Anxiety is on the rise worldwide.
The real worry is that, not only is anxiety debilitating as you experience it. But it can increase your risk for depression, heart disease and even diabetes. Since we know the link between endorphins and exercise, we want to know, can exercise help with anxiety?
An upsetting revelation with recent studies has been that those with anxiety are more sedentary. Which is counter productive to what they need for alleviating their anxiety!
Getting out and getting some exercise is possibly the best form of non-medical intervention for anxiety.
So yes, the answer to this question is a resounding yes exercise can help with alleviating anxiety. Here are some of the top ways exercise can help you and your chronic anxiety:
Aerobic exercise seems to be the most effective form of anxiety release
Think dancing, running, bike rides, and even just a walk. These activities allow you to divert your attention, to redirect that anxiety and even forget about the very thing that is stressing you out. For some it is a form of meditation, of drowning out the world or of burning off the day’s stress.
Another way exercise can help you is through the increase in your heart rate
As this creates a flush of anti-anxiety neurochemicals including GABA, serotonin, endocannabinoids and BDNF. These neurochemicals can be powerful in shifting your perceptions, how you think and feel. This is the reason why people will always talk about the release of endorphins post workout; it is so much more that, they are truly powerful and affect your brain in great ways!
Another great benefit is that exercise decreases muscular tension, lowering your bodies influence to the anxiety.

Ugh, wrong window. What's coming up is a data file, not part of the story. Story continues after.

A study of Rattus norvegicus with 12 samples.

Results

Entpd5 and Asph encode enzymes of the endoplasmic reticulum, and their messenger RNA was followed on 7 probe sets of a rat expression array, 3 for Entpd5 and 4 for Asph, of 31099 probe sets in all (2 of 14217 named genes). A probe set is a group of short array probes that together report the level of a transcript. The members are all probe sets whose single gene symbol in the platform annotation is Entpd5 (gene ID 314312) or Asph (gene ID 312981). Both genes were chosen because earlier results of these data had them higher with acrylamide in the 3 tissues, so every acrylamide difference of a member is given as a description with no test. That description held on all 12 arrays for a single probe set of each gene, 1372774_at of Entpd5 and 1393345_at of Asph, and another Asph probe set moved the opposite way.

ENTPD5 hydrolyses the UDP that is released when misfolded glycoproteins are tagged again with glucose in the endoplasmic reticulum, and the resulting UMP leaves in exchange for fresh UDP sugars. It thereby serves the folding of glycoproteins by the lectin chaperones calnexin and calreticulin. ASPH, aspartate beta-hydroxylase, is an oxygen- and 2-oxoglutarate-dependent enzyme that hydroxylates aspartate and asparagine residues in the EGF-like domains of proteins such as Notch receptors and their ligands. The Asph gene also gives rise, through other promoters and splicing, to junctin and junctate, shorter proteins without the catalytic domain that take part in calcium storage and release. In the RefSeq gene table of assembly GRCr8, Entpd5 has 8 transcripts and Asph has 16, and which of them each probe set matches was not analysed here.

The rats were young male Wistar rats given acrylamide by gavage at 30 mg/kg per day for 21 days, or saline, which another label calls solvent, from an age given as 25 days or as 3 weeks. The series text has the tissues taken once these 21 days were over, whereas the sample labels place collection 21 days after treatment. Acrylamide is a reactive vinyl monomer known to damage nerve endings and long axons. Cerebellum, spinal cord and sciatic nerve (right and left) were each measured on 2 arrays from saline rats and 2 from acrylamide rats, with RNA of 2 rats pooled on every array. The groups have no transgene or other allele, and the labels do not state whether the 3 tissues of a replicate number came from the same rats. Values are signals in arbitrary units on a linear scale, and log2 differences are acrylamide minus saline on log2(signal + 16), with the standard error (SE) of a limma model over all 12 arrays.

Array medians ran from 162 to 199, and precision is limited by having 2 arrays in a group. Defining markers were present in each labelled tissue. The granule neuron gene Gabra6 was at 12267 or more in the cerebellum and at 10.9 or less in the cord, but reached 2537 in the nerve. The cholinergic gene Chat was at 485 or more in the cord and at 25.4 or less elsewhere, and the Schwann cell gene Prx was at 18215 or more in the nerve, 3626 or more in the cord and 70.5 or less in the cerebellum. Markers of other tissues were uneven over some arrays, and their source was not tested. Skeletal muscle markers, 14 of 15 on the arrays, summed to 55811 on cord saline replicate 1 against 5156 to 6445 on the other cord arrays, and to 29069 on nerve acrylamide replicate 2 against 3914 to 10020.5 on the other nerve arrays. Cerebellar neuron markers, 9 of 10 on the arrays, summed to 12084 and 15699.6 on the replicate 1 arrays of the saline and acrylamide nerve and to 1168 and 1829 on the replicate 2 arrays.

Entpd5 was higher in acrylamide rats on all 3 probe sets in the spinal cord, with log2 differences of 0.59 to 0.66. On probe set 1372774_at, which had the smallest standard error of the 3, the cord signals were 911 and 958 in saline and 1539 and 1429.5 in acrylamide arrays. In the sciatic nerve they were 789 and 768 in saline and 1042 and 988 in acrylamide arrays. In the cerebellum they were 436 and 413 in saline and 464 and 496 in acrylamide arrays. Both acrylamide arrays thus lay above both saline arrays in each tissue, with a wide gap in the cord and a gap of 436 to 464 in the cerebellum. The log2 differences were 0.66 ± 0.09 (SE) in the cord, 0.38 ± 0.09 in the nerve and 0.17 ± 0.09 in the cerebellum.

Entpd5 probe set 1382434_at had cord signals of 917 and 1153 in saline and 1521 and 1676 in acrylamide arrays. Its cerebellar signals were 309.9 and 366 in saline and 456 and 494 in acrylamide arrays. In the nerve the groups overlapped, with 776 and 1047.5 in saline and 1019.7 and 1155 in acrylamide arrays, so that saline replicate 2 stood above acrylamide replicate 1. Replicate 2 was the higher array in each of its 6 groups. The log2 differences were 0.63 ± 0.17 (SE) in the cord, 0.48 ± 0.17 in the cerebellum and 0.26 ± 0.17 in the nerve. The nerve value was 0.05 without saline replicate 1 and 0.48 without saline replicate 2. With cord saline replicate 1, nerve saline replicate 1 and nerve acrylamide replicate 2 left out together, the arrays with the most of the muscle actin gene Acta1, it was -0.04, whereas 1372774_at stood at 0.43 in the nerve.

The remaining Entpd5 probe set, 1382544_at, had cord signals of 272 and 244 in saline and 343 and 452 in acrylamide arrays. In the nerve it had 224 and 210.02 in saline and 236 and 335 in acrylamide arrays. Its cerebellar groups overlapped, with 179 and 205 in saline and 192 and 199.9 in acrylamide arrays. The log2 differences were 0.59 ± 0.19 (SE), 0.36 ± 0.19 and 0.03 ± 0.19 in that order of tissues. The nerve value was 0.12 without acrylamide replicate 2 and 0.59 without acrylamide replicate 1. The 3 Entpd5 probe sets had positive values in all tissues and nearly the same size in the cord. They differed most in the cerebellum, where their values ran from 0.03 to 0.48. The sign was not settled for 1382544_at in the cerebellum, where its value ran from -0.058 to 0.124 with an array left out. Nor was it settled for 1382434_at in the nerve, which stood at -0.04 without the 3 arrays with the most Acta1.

So many of us avoid working out when we feel tight and tense, yet this is the very thing that will help that physically and emotionally. I’m sure the answer to – Can exercise help with anxiety – is becoming more clear to you now!
It helps to boost your resilience to tough emotions, so yes what happens in the gym translates to your daily life too.
Exercise stimulates the frontal region of the brain which is responsible for our responses to threats. Deciding what is real and what isn’t. Thus helping our reacting system through exercise sounds super effective to me!
What type of exercise you chose doesn’t matter greatly, what matters more is trying something and seeing if it works for you then stick to it!
Well we know over training is a bad thing all around, but when you are suffering with anxiety then high levels of physical activity is the goal. Maintaining the fine balance between high levels and overtraining will have to be based on your own judgement. You shouldn’t feel more tense and more stressed and overworked but rather feel calmer and happier.
All of this scientific information is great and all, but I just want you to take note of how you feel when you exercise.
At the end of the day that is all that matters! Can exercise help with anxiety, yes! Use that to keep motivating you every day to keep it up (as I throw on my running shoes).